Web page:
You look up in the sky. What do you see?
Do you see city lights, smog and dark sky?
Do you see the stars, the moon?
Baker Observatory, located about 25 miles from Springfield, is a place where researchers can take an up-close look at the stars. It’s also open to the public several times a year.
History of the telescope
In the 1980s, Kitt Peak National Observatory in Arizona permanently loaned MSU their site survey telescope with the help of professor emeritus Dr. George Wolf.
The telescope was made in the 1950s. In the past few years, the telescope suffered normal wear and tear that made using the telescope difficult.
“Baker Observatory is the only research telescope in Missouri,” said Dr. Michael Reed, professor of astronomy. “I have published over a dozen research papers with data from our previous telescope. In addition, we use it for student training, classes and public outreach.”
Upgrading to 2018
Dr. David Cornelison, professor of physics, saw the telescope was basically unusable. Rather than sacrifice valuable research, he knew that something had to be done.
Repairs were out of the question. They would cost as much as a new telescope.
Funding from the provost’s office, the College of Natural and Applied Sciences (CNAS) and the physics, astronomy and material science department, paired with Cornelison’s thrifty telescope-finding made getting a new telescope a reality.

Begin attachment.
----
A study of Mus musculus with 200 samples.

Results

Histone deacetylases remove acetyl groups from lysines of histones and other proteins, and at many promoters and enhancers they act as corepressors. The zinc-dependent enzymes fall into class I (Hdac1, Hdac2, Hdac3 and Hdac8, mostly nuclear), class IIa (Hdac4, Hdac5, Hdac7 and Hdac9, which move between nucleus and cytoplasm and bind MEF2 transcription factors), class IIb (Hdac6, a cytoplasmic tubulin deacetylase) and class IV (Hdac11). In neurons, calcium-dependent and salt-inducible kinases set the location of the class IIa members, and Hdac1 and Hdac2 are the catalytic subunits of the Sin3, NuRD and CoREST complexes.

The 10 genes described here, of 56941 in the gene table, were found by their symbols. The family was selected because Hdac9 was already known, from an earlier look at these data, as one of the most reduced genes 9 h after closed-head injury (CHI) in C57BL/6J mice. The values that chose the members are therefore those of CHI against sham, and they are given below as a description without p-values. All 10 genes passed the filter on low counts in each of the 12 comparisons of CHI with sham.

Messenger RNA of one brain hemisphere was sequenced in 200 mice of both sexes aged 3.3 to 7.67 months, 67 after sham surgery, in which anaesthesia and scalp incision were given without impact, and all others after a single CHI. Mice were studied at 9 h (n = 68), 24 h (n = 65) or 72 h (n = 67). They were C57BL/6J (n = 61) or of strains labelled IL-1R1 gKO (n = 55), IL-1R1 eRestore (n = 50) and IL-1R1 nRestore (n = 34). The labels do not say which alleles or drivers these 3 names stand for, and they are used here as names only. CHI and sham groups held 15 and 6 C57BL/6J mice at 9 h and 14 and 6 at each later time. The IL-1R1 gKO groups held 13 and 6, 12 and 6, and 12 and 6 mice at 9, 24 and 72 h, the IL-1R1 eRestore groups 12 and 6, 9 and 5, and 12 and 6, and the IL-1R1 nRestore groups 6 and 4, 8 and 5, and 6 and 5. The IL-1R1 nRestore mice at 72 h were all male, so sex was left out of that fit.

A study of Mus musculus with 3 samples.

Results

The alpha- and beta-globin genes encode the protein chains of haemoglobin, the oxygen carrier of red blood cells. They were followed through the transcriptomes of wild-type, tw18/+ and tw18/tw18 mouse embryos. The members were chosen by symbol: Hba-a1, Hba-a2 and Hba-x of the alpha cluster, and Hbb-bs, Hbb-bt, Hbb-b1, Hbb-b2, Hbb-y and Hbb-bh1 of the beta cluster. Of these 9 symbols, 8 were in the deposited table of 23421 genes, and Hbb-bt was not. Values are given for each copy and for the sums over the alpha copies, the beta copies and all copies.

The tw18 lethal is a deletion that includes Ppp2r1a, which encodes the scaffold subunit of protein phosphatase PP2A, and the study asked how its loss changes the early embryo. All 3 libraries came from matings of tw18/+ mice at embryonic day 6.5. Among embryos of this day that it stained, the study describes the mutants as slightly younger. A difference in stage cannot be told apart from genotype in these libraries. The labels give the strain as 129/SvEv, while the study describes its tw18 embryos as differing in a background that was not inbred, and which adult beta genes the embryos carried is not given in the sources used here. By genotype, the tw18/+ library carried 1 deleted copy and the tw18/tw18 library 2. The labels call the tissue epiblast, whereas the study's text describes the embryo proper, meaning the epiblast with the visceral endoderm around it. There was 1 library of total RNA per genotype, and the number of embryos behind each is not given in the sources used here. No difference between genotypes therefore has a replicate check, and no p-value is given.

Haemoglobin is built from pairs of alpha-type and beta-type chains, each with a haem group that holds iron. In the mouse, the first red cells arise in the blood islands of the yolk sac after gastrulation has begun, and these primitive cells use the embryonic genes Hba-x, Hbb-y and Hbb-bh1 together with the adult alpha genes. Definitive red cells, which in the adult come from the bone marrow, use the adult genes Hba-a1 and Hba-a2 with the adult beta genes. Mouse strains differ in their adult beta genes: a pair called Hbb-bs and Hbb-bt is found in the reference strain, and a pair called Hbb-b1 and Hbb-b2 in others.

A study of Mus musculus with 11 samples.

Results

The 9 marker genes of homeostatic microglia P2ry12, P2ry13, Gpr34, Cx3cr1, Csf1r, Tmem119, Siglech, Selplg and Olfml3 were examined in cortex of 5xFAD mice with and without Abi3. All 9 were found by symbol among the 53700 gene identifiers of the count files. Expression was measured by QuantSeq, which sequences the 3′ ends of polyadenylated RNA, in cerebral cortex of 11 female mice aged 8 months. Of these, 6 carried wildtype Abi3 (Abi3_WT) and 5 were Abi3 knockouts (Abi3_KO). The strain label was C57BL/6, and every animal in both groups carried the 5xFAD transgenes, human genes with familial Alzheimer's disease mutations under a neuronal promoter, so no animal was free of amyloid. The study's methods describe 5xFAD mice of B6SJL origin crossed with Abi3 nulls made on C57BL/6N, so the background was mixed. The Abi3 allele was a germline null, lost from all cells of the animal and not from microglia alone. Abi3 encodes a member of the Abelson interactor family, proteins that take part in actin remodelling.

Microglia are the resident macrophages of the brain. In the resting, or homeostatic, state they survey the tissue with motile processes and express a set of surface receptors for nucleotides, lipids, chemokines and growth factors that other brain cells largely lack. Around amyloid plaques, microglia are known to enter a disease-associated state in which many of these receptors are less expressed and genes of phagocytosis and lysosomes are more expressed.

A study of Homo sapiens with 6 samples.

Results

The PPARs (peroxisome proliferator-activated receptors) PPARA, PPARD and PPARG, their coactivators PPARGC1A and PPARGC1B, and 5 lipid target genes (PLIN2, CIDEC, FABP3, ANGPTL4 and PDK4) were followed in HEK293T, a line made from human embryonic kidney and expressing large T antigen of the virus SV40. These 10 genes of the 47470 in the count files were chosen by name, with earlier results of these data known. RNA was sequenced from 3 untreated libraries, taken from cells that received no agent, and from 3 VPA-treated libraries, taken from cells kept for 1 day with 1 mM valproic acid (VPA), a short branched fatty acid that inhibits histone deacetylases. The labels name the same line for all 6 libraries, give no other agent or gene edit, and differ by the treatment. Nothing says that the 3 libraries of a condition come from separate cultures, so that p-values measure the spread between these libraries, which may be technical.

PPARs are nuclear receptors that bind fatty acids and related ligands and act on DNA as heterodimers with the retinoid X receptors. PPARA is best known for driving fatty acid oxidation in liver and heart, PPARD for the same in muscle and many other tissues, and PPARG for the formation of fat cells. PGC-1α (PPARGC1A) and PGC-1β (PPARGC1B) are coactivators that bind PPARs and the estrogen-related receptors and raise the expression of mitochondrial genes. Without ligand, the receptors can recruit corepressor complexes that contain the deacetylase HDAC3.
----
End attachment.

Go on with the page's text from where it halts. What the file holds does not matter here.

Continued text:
In addition to the telescope, the control room and other parts of Baker Observatory will be updated.
“My favorite part of the process was seeing a 30-year-old facility revamped and looking new again,” Reed said. “CNAS’s machinist, Brian Grindstaff, David Cornelison and I spent many hours stripping off the old and making it new again.”
With the new telescope comes more exposure to the skies. The new telescope can see objects more than 50 percent fainter.
“One of the most important things we do at Missouri State is foster the next generation of scientists,” Reed said.
There is still more to be done, but the telescope should be ready to use by the fall semester.
“There really is no better teacher than getting ‘hands-on’ experience using this type of equipment,” Reed said. “We hope for years of discoveries with our new facility.”